What are HAA5?
Haloacetic acids (HAA5) are byproducts formed when drinking water is disinfected with chlorine, the most commonly used disinfectant in New York State. The amount of haloacetic acids in drinking water can change from day to day, depending on the temperature, the amount of natural organic material in reservoirs, the amount of rainfall, the amount of chlorine added, and a variety of other factors.
Are there health risks associated with drinking/using water containing HAA5?
There are no immediate health risks.
Health risks over time are minimal, and less than the risk for illness from drinking inadequately disinfected water.
Why is chlorine added to drinking water?
Water utilities have been using chlorine to disinfect drinking water for more than a century because it effectively kills bacteria and viruses that could cause serious illnesses. Using chlorine to disinfect drinking water is also a federal and state requirement.
Does New York City test its drinking water for HAA5?
All water systems that use chlorine to disinfect drinking water are required by federal and state law to sample for HAA5 on a regular basis (quarterly, or once every three months). If test levels exceed the drinking water standard, water utilities are required to notify their customers and consumers.
What is the drinking water standard for HAA5 and how is compliance determined?
Drinking water standards are called Maximum Contaminant Levels (MCLs). MCLs are set to limit risks to people from chemicals in drinking water. Some MCLs limit the daily amount consumed (for chemicals that pose an immediate risk), and some limit the amount averaged over a long period of time (for chemicals that pose a long-term risk).
The HAA5 MCL is set at a level that balances the immediate risk of bacterial contamination and the long-term risk of health effects potentially associated with long term exposure to HAA5. The United States Environmental Protection Agency (EPA) has set a MCL for HAA5 of 0.060 milligrams/liter (mg/L).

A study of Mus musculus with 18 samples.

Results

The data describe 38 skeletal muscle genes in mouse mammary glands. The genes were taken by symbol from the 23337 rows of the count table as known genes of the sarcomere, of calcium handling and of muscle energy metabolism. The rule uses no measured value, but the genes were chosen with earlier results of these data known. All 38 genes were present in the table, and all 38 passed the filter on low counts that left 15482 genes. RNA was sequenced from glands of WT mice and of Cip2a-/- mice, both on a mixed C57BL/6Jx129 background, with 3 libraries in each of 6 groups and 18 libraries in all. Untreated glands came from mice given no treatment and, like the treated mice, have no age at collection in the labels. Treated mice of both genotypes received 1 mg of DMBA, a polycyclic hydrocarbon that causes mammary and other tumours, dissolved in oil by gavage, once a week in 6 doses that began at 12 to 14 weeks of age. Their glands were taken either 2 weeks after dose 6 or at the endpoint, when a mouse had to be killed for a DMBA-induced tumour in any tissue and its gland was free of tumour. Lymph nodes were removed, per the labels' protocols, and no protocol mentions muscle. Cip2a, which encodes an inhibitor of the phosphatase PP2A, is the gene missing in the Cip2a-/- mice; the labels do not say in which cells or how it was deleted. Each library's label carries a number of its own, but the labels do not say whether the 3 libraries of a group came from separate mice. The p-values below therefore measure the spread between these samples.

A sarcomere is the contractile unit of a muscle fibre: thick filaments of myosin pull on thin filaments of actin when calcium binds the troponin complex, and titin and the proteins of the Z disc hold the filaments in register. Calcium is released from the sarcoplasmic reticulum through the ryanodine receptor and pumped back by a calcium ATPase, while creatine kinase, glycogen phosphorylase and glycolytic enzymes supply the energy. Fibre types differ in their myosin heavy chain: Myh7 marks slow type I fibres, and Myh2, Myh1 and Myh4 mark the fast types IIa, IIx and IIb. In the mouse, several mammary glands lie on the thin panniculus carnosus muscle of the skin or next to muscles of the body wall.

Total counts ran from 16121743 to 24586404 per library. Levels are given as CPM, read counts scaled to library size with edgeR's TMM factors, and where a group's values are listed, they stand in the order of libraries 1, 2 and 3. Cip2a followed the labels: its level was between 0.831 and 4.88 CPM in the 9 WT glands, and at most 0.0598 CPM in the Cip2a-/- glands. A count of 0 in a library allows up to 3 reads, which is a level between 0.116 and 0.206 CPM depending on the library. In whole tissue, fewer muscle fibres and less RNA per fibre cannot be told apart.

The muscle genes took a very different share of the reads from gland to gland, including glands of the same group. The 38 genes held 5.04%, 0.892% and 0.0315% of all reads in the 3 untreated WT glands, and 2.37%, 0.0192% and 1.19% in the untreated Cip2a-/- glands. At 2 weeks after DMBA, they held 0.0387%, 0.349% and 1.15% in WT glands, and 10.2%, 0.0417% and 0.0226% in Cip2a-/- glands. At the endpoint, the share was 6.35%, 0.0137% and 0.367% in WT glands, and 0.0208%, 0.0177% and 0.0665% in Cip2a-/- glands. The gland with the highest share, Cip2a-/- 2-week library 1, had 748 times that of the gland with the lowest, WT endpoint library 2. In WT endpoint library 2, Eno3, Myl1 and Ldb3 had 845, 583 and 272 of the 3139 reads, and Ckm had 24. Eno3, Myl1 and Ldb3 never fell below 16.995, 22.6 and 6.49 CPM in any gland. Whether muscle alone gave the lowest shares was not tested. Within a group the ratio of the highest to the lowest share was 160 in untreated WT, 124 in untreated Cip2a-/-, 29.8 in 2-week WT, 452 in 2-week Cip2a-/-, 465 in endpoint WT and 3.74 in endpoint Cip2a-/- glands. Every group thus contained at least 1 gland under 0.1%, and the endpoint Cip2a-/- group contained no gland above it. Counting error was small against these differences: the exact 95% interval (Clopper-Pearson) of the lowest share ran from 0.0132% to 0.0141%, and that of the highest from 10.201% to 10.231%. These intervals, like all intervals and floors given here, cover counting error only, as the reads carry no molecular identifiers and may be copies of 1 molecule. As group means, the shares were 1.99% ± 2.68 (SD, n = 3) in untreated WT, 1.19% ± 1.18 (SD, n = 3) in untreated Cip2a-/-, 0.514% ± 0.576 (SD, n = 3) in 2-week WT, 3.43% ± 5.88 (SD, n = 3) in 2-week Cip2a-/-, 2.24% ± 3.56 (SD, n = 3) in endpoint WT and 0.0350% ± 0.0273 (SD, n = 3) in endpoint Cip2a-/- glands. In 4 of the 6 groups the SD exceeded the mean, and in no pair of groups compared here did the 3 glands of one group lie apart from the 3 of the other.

Federal and state compliance with the MCL requires that the running annual average of four samples (i.e., quarterly, or once every three months over a year) not exceed the MCL at each sampling location.
How can consumers be exposed to HAA5 in drinking water?
The major route of exposure is through ingestion of chlorinated drinking water. Skin contact with chlorinated water is not a major route of exposure because HAA5 are not easily absorbed through the skin.
The following health information characterizes the available studies on human populations exposed to haloacetic acids, and provides a general summary of the effects of haloacetic acids in animals, which occur at exposure levels much higher than exposure that could result through normal use of the water:
- Some studies suggest that people who drank water containing haloacetic acids for long periods of time (e.g., several decades) have a minimally increased risk for cancer. However, how long and how frequently people actually drank the water, and how much haloacetic acids the water contained, is not known for certain. Therefore, the evidence from these studies is not strong enough to conclude that the observed increased risk for cancer is due to haloacetic acids, other disinfection by-products, or some other factor. Studies of laboratory animals show that the two specific types of haloacetic acids, dichloroacetic acid and trichloroacetic acid, can cause cancer and other effects in laboratory animals after very high levels of exposure, primarily on the liver, kidney, and nervous system and on their ability to bear healthy offspring.
Where can I get additional information?
If you have concerns about your exposure, please contact your health care provider.